13th May 2012
The Best Un-Barbecue Barbecue

Stormbound in Pittenweem. AGAIN!

We had always planned to overnight in Pittenweem, and we weren't going to let the fact that a hurricane was forecast, or the annual Un-Bass Rock Race course had once again been shortened to a big circle, get in our way!

We had a lovely barbecue organised and the weather was perfect for cooking up on the quay-side so after a delightful Saturday race we turned right back around, put up the spinnaker and sailed straight to Pittenweem where we we tied up, cracked open the Cava, unshipped the hunka meats and pulled out the bag of charcoal, the starter fluid and ... the lawnmower?
So where's the barbecue? Oops. Back in the garage :(

So we had to improvise an un-barbecue on the galley stove, and rather well too I thought. Not that it affected the vegetarian crewmate overmuch, since cheese is the closest thing we have to a vegetable on board. Fortunately one of the redeeming features of Pittenweem is a decent chip shop. Fish is a vegetable right?

Come the next morning, though, we discovered why all those other boats had decided to go home - the hurricane had arrived and the boat was bouncing around like a frog in a blender, even snapping the sternline at one point. So we tried to make our escape but completely failed to get the boat to turn through the howling wind into the harbour entrance and several attempts later had to give up and tie the boat back to the quay-side.
That meant skipper John and I staying on board to check and adjust the lines every hour (every goddamn hour) while the rest of the crew made their pathetic excuses and abandoned ship.

It took two more days for the wind to drop enough for us to get out, but apart from running out of milk (not helped by Pittenweem's single grocery shop closing at Sunday lunchtime) we had plenty of stores on board, as usual, and managed to keep our spirits up with the Cava and the GinAndTonics.
I turned out some very tasty Bacon-wrapped chicken parcels in a packet (a packet oh the humanity!) of peppercorn sauce, and we eventually got a pleasant sail back up the river arriving home by 2 a.m. Tuesday morning - just in time to get back to work!

The Best Un-Barbecue Barbecue
main meat nautical
For when you have all the material for a fine barbecue. But no barbecue.

Forget about all that barbecueing nonsense - just pan-fry all your lovely ingredients!
Fry them in a sensible order though so that the more succulent things get done last and don't sit around too long. So pork chops first. Steaks next. Burgers last.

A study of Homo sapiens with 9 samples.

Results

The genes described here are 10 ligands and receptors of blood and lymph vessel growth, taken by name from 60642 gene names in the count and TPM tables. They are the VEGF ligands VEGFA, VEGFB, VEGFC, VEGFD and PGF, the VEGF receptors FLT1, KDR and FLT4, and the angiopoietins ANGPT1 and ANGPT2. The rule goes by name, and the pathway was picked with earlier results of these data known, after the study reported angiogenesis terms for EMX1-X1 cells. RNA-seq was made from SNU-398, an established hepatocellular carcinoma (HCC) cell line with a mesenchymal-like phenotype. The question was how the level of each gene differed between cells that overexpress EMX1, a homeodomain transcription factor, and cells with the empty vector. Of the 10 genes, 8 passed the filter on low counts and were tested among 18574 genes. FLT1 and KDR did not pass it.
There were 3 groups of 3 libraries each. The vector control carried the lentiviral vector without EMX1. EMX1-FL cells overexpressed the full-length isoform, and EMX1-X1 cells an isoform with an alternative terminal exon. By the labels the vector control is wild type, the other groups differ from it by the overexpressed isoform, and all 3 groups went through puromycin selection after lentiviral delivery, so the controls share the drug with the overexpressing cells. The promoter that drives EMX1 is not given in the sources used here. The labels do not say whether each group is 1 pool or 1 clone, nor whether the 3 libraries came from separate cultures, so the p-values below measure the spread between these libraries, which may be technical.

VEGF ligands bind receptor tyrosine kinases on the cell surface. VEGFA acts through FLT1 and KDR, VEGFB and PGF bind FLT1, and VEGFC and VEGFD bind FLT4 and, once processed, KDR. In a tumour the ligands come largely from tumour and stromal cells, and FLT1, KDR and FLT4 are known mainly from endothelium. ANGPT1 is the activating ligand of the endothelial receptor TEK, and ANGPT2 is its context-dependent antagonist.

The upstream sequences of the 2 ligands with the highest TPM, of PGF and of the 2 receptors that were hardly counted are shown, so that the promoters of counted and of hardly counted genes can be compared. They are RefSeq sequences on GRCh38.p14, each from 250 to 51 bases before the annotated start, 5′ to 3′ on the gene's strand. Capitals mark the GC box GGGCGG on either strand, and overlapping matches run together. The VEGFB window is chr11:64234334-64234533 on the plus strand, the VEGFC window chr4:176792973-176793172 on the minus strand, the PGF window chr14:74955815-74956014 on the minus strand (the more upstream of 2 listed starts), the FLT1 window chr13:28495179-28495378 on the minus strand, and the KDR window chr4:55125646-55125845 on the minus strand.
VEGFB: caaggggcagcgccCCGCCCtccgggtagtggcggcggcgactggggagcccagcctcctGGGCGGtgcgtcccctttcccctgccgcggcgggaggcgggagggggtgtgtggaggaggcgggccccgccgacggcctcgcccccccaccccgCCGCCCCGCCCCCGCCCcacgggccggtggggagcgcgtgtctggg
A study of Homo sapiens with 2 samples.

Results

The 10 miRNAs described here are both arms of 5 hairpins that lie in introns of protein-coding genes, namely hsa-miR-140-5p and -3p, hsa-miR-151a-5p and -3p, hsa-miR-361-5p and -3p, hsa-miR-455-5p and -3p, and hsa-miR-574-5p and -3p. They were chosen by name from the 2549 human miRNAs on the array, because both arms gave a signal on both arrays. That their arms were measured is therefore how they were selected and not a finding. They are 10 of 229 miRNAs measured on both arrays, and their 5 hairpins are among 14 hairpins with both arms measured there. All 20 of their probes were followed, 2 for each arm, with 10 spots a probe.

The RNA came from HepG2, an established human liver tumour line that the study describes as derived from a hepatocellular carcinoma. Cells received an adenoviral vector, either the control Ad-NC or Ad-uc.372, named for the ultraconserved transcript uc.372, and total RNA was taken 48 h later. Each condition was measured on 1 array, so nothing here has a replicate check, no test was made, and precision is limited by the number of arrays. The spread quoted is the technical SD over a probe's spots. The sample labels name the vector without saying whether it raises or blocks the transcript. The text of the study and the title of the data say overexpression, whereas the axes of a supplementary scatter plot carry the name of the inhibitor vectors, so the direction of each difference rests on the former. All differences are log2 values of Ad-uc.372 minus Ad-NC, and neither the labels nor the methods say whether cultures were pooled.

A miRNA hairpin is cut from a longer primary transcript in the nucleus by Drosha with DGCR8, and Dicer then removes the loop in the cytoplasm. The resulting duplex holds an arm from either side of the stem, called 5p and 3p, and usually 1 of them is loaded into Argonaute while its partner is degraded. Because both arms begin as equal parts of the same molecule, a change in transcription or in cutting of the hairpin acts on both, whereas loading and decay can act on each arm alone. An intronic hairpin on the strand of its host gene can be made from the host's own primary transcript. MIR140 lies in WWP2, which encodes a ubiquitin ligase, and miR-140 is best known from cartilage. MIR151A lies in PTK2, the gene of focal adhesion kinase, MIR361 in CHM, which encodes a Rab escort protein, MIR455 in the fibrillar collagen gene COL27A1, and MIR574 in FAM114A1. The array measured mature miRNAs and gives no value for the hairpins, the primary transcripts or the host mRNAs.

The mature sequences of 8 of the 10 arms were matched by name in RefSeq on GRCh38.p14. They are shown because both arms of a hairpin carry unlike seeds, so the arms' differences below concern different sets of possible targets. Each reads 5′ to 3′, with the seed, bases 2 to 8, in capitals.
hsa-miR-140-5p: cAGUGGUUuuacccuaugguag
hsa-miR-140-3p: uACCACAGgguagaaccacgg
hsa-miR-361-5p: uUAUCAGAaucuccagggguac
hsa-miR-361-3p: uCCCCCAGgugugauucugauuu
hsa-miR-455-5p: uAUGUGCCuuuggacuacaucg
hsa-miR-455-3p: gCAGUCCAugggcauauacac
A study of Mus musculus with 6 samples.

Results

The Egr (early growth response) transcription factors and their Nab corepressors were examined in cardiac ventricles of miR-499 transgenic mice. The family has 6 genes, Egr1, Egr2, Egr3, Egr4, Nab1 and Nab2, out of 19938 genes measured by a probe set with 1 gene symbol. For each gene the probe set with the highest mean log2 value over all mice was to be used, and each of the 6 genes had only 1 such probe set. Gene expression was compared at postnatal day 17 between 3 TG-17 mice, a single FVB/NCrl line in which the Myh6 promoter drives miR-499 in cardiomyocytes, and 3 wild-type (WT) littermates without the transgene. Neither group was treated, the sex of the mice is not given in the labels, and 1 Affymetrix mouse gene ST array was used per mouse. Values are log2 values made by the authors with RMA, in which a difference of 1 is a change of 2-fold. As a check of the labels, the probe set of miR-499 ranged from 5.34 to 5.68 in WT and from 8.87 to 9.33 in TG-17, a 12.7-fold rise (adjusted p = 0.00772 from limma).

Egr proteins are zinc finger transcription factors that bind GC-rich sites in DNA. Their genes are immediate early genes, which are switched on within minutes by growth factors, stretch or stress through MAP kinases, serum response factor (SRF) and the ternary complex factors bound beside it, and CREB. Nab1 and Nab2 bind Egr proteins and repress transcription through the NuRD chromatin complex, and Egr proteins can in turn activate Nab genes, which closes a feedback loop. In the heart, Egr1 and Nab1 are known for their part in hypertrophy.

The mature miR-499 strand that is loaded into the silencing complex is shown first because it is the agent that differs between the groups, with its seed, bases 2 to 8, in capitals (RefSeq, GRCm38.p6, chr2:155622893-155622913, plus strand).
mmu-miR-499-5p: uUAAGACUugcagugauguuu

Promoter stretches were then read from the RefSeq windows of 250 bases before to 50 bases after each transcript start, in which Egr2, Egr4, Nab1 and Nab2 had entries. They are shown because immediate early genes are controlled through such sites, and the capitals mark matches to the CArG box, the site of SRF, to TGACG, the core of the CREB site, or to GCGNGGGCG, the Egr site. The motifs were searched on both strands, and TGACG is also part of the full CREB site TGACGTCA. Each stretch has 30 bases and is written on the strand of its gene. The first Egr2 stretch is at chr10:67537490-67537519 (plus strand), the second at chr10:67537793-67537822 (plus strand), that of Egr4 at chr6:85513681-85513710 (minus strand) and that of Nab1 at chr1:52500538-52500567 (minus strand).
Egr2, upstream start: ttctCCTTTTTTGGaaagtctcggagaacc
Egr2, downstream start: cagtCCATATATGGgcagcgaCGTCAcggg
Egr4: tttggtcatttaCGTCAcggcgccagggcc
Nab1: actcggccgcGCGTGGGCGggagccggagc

Put a roasting tin in a low oven, covered with tin foil, and as each pan of fried goodies is ready add it to the tin. After each frying, pour off any massive amount of excess fat, then deglaze with some of the spare Cava you'll have lying around and add to the roasting tin. Periodically moisten the contents of the roasting tin with a squeeze of lime or lemon juice that you will have onboard for the GinAndTonics and a smearing of whatever condiments you have to hand. We had a reasonably tasty jar of Branston Tomato and Red Pepper Relish which worked a treat.
When everything is fried up, serve up the roasting tin with a pile of buttered rolls and bask in the un-barbecued glory.
Well, I wrote up a recipe for bacon sandwiches, so why not a recipe for frying meat?

Bacon-wrapped Chicken Parcels with Brie in a Peppercorn Sauce
main fowl nautical meat
Chicken breasts wrapped in bacon and filled with Brie and mustard.
Serves 2 Stormbound Crew

Preheat the oven to whatever resembles Gas Mark 4.
Make a slit in the side of each chicken breast and press in thin slices of Brie and a smear of English mustard.
Scatter the breasts with grated lemon or lime zest that you will have onboard for the GinAndTonics and then wrap the breasts with bacon slices, stretching the bacon as you go. You can tie up the parcel with whipping twine or secure it with a split pin if you need to.
Fry the parcels gently in a little olive oil until nicely coloured then put them in the oven to cook through. Cover them if they start to dry out or darken.
I did have a go at flattening the chicken breasts, but without a rolling pin, cling film, hefty wooden chopping board or any of the usual accoutrements of a fully-furnished kitchen I found it too difficult, so I just stuffed and rolled them as fat and round as they came.
Which actually made them turn out particularly succulent I thought - so maybe all that flattening is for the birds?

Make the peppercorn sauce (or mix up your packet) and set aside.

Start the rice.
Meanwhile fry the large chopped onion in the frying pan in butter until softened, then add the chopped green pepper.

To serve, lay a ring of the rice on each plate, put the onion and green pepper in the centre, set the chicken parcels on top and dress with the peppercorn sauce.
Bacon. Chicken. Cheese. What's not to like?
Hint: you might want to check a breast to make sure it isn't still bleeding in the middle before you serve them.
And don't forget to remove the split pin!